In estate planning, trusts enable individuals to set aside money for specific beneficiaries to inherit at a pre-determined time, usually upon their death.
Types of Trusts: Revocable and FixedThere are two basic types of trusts: fixed trusts and revocable trusts. As their name implies, fixed trusts are fixed in place and cannot be changed once they are established. Revocable trusts, on the other hand, can be freely altered during the grantor’s lifetime. Once the grantor has passed away, the trust becomes fixed.
What Is A Revocable Trust in Estate Planning?A revocable trust is a special type of trust that can be altered while the grantor is still living. As such, it provides certain types of freedoms that a fixed trust does not.
The money held in trust for a beneficiary is called the principal of the trust. With a revocable trust, the principal can fluctuate over time, usually in line with interest, depreciation, or the trustee’s expenses. It can also be changed based on the grantor’s request.
What Are the Benefits of A Revocable Trust?The primary benefit of a revocable trust for estate planning is increased control over your assets. With this type of trust, you can decide how funds are distributed and when, change the amount of the principal, and even cancel the benefits at any time if you wish. It’s truly up to you.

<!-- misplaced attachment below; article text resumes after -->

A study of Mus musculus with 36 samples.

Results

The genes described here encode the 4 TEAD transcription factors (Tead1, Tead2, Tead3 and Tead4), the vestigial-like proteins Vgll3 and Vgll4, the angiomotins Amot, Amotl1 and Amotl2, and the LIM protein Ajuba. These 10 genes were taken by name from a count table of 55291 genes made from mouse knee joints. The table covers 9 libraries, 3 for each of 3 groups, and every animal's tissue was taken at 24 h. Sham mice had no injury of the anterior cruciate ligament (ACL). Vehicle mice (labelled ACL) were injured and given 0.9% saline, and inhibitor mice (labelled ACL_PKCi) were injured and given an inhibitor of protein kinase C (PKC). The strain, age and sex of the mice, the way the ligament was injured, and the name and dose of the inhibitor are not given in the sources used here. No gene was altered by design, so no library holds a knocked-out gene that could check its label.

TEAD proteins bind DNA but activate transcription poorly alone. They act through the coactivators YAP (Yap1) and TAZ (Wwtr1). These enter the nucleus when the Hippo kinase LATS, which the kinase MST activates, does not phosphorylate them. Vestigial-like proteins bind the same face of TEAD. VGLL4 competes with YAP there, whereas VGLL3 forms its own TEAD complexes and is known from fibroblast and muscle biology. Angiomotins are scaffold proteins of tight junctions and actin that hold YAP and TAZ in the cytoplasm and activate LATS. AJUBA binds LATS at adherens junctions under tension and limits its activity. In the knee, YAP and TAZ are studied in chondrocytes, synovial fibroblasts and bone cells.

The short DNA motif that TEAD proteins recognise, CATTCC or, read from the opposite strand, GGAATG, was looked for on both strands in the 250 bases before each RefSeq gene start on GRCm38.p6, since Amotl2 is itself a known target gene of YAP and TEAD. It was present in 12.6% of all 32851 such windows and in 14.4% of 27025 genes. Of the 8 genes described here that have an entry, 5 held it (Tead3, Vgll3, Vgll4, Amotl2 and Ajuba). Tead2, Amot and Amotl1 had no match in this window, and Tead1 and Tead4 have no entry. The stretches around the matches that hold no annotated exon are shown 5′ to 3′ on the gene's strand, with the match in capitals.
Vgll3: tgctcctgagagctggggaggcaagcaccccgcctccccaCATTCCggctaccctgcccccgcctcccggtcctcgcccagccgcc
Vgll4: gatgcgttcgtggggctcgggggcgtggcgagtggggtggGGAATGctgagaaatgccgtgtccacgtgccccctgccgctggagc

Revocable Trust Vs WillAt the same time, revocable trusts are more secure than wills and helps your beneficiaries avoid a lengthy probate process upon your death. Revocable trusts provide financial protection and management for a variety of different life circumstances and can be used for prenuptial purposes, to allocate money for a loved one with special needs, or to allow someone to become of legal age before inheriting a large sum of money. These are just a few examples. Revocable trusts can be used in any number of unique situations.
Should You Choose a Revocable Trust?Despite the many benefits of revocable trusts, they are not for everyone. They are often more complex and more expensive to set up than fixed trusts and they may need to be maintained more carefully. Moreover, you may not receive the same tax benefits with a revocable trust as you would with a fixed trust. An experienced estate lawyer can assess your individual situation and help you decide whether a revocable trust or fixed trust will better fit your needs.